The UK Transport Secretary Chris Grayling has confirmed the government’s commitment to HS2, the controversial high-speed rail link to connect London with Birmingham and the north of England. He also announced £70m of funding to improve road safety and help local communities along the route.

15 October 2016 Saturday, 14:25

The UK Transport Secretary Chris Grayling has confirmed the government’s commitment to HS2, the controversial high-speed rail link to connect London with Birmingham and the north of England. He also announced £70m of funding to improve road safety and help local communities along the route.

According to Grayling, Britain needs HS2 urgently as it faces a rail capacity crisis due to a growing population and ageing infrastructure.

“We need HS2 now more than ever,” Grayling said. “We’re facing a rapidly approaching crunch-point. In the last 20 years alone, the number of people travelling on our railways has more than doubled and our rail network is the most intensively used of any in Europe.”

He added that the £42.6bn project, which will connect London with West Midlands, Crewe, Leeds and Manchester, will help create up to 100,000 jobs, 75 per cent of which would be outside London. Once up and running in the middle of the next decade, HS2 will create new economic opportunities by linking the country together.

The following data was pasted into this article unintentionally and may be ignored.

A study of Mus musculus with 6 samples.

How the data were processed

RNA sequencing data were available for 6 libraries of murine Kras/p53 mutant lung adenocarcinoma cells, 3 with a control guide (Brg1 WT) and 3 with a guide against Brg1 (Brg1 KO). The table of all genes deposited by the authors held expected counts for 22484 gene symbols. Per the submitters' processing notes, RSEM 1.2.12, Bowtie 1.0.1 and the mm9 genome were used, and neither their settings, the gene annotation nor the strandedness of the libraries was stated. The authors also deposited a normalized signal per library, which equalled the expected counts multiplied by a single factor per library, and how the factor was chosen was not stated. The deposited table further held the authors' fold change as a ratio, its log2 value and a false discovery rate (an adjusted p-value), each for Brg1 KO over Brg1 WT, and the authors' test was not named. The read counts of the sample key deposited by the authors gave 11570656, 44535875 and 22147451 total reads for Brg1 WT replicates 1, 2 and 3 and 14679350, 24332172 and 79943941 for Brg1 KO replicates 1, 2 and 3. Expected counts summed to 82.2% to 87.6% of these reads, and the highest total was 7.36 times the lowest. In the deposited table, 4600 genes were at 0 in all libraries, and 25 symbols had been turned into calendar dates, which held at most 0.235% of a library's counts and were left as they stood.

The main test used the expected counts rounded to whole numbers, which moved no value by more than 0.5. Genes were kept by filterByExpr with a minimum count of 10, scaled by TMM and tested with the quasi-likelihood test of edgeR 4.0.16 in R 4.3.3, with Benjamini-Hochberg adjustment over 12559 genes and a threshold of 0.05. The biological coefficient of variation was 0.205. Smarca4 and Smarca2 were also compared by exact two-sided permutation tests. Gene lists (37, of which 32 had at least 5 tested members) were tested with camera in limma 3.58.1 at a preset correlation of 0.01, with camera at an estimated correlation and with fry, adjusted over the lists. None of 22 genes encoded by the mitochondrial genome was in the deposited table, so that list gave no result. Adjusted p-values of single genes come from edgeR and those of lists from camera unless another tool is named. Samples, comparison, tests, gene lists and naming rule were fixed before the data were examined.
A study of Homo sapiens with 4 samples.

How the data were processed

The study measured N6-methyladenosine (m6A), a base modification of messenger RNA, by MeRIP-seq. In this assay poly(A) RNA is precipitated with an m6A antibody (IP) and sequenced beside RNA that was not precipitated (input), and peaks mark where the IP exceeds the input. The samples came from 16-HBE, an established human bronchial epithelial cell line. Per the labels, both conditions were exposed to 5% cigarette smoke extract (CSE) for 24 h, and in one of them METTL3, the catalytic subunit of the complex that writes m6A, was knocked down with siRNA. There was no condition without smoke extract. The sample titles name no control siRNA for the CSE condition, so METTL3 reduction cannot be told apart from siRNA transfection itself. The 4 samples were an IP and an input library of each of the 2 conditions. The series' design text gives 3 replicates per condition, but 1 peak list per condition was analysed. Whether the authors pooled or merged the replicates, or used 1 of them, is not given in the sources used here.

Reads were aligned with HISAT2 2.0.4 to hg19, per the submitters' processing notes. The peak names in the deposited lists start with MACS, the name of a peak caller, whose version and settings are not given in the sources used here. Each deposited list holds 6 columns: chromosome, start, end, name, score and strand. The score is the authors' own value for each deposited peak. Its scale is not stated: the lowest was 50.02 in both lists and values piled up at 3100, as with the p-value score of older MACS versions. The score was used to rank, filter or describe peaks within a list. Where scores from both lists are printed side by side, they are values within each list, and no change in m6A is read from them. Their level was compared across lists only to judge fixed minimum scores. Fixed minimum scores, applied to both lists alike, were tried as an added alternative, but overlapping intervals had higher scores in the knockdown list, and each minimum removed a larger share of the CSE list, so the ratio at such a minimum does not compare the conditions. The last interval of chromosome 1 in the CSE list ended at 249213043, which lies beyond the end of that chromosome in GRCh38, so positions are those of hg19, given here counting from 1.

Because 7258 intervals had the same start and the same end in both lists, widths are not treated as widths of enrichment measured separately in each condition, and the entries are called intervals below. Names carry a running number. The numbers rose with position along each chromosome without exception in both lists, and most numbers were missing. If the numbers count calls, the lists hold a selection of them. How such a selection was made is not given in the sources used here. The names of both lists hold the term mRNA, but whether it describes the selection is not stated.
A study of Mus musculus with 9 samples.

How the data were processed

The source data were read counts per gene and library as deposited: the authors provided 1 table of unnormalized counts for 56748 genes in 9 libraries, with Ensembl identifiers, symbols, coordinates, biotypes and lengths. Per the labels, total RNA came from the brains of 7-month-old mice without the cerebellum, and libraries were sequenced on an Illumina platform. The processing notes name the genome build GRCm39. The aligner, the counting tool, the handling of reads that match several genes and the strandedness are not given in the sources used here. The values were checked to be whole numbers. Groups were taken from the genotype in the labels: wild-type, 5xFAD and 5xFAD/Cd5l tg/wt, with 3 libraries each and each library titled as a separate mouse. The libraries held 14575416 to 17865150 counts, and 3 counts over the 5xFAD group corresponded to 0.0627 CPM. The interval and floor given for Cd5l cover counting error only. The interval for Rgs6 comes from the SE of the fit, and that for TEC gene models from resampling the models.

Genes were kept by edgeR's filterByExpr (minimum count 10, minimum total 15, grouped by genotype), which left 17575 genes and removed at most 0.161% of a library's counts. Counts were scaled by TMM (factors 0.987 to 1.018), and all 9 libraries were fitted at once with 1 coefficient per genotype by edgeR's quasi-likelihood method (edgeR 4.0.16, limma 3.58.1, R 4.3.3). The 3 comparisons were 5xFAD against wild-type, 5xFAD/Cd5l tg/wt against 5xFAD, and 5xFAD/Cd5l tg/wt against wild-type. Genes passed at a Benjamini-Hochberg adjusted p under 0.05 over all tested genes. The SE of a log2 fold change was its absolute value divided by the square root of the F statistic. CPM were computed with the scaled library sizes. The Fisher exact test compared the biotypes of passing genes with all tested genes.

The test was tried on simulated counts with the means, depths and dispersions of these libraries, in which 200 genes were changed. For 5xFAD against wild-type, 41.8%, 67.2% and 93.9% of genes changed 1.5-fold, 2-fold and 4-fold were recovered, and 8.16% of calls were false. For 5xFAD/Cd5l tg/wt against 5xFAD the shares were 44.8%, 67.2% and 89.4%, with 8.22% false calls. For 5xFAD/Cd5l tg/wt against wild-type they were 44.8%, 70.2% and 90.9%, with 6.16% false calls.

Grayling also announced that £70m of funding will be made available to support local communities along the route and improve road safety in the area.

According to Grayling, Britain needs HS2 urgently as it faces a rail capacity crisis due to a growing population and ageing infrastructure.

“We need HS2 now more than ever,” Grayling said. “We’re facing a rapidly approaching crunch-point. In the last 20 years alone, the number of people travelling on our railways has more than doubled and our rail network is the most intensively used of any in Europe.”

He added that the £42.6bn project, which will connect London with West Midlands, Crewe, Leeds and Manchester, will help create up to 100,000 jobs, 75 per cent of which would be outside London. Once up and running in the middle of the next decade, HS2 will create new economic opportunities by linking the country together.

Grayling also announced that £70m of funding will be made available to support local communities along the route and improve road safety in the area.